Oops! Online Course About Teaching Online Goes Haywire

As Coursera expands its Massive Open Online Course offerings, an embarrassingly public glitch has exposed some of the format’s weaknesses. As blogger Ki Mae Heussner of GigaOM explains, reports of the problem quickly spread over social networks because the course itself was about how to teach online. “Fundamentals of Online Learning” began on January 28; [...]

As Coursera expands its Massive Open Online Course offerings, an embarrassingly public glitch has exposed some of the format’s weaknesses. As blogger Ki Mae Heussner of GigaOM explains, reports of the problem quickly spread over social networks because the course itself was about how to teach online.

“Fundamentals of Online Learning” began on January 28; it was taught as a collaboration with Georgia Tech professor Fatimah Wirth. Wirth, who has designed and supported online classes at Georgia Tech, did not anticipate a technical difficulty that came with truly massive registration. As a first step, she asked students to form discussion groups of twenty.

Peter Shea, an associate professor at the University at Albany’s schools of education and informatics, who blogged about his experience in the class, told GigaOM the chaos started when Wirth instructed students to break themselves into groups using a Google doc. The document crashed and students started deleting the names of peers, and when Wirth provided further email instructions and posted a video on what to do, it apparently led to more confusion and technical hiccups.

Google docs can’t be used by more than 50 people at once, and Wirth’s course registration was around 40,000. A technical platform could have been built to allow that many people to form discussion groups, but Wirth was trying to teach using existing online tools. Coursera’s website does not have such capability built into it, and the online company did not seem aware of Wirth’s goals or problems that might occur. When formation of discussion groups proved to be impossible, the instructor did not have a back-up plan to fill in the gap. As she moved forward with lecture plans, students took to social media to complain and mock.

The course’s registered students included many other instructors and online experts. They blogged and tweeted, calling the course a disaster and worse. Once a Twitter hashtag for mocking “Fundamentals of Online Learning” existed, the instructor realized that the course was not working. Coursera and Georgia Tech put the course on hold at the end of the week:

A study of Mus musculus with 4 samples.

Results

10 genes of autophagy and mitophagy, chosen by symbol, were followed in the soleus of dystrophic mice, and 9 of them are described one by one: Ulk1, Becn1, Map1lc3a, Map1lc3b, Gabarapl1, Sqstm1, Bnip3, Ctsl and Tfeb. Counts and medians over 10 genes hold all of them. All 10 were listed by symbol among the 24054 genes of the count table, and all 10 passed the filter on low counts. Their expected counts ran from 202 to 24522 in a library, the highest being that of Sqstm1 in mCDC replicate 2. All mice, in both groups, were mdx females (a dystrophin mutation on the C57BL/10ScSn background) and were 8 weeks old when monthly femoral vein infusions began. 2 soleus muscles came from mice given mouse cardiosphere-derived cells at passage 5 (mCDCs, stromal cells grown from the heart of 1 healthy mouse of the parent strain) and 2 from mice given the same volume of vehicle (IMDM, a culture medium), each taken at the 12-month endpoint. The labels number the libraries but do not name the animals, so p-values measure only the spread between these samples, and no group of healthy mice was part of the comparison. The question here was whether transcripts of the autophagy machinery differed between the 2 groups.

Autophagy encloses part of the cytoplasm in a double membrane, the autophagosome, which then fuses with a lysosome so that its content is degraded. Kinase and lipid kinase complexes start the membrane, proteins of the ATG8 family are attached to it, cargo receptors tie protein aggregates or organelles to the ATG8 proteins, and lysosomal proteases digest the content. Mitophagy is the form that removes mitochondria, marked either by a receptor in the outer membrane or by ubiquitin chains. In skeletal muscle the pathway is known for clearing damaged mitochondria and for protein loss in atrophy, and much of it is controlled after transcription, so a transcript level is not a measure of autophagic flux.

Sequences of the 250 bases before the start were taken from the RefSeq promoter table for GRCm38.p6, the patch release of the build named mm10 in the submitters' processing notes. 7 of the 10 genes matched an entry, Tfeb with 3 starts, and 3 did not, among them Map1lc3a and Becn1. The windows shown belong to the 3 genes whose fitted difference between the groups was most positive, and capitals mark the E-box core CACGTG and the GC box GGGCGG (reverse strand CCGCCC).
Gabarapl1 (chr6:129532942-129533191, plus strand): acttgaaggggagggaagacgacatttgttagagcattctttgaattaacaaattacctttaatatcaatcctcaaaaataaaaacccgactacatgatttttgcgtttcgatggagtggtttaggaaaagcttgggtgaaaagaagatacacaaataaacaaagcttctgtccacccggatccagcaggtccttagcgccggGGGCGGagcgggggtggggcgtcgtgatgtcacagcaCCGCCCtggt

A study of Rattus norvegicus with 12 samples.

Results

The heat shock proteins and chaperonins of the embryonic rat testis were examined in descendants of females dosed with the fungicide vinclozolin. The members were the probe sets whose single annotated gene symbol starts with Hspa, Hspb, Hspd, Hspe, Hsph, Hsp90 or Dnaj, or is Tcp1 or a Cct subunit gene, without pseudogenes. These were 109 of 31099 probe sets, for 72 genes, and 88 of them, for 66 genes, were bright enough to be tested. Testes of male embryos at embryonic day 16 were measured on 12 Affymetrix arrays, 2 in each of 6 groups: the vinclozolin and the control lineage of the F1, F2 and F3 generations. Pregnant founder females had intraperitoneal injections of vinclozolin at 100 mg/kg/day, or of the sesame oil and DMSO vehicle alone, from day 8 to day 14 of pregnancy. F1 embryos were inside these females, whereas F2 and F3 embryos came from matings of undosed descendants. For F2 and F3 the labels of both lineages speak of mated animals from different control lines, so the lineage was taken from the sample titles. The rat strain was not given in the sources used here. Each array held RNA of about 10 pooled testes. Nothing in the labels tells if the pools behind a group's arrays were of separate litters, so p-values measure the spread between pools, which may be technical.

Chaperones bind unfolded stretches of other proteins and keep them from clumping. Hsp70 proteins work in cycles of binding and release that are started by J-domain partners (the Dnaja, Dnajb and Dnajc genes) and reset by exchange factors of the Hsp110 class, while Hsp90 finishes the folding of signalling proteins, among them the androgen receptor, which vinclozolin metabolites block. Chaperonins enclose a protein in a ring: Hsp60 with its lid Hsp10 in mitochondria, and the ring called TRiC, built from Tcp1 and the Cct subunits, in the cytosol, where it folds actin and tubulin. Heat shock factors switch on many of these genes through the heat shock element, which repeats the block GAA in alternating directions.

In an email sent over the weekend, Coursera told students that it was temporarily suspending the class to make improvements. In a subsequent email, the company said that given student interest in resuming the class, it had reopened some of the class forums to get feedback from students but has not yet indicated when it will relaunch the entire course.

One blogging student, Debbie Morrison at Online Learning Insights (https://onlinelearninginsights.wordpress.com/2013/02/01/how-not-to-design-a-mooc-the-disaster-at-coursera-and-how-to-fix-it/), suggested that Wirth would have been better off leaving it up to students how to manage discussion:

From her experience as an educator — and as a student of two other Coursera classes — Morrison said massive online classes (MOOCs) are student-centric, not professor-centric. The online learning environment is entirely different from its offline counterpart and instructors can’t expect a top-down approach to work. In other Coursera classes she’s taken, Morrison said, students have created Facebook groups, organized Google hangouts and formed other online groups not because the instructor told them too, but because they wanted to.

Letting students choose how to organize keeps the instructor from needing to solve the problem. Morrison and others point out that online learning is like classroom learning, but it isn’t the same, and an instructor who assumes that it’s the same will end up making mistakes like this. In a classroom, nothing happens until the teacher tells students what to do. In an online format, students have many ways of coming up with their own ideas, sometimes without the instructor having any idea that they’re doing it. Learning is driven by student interest, not teacher demands.

Coursera’s founder Andrew Ng has announced that in future, collaborating partners like Georgia Tech will need to post detailed on their website a full month before a course opens. This will give Coursera technicians a chance to troubleshoot and make sure they will be able to give adequate technical support.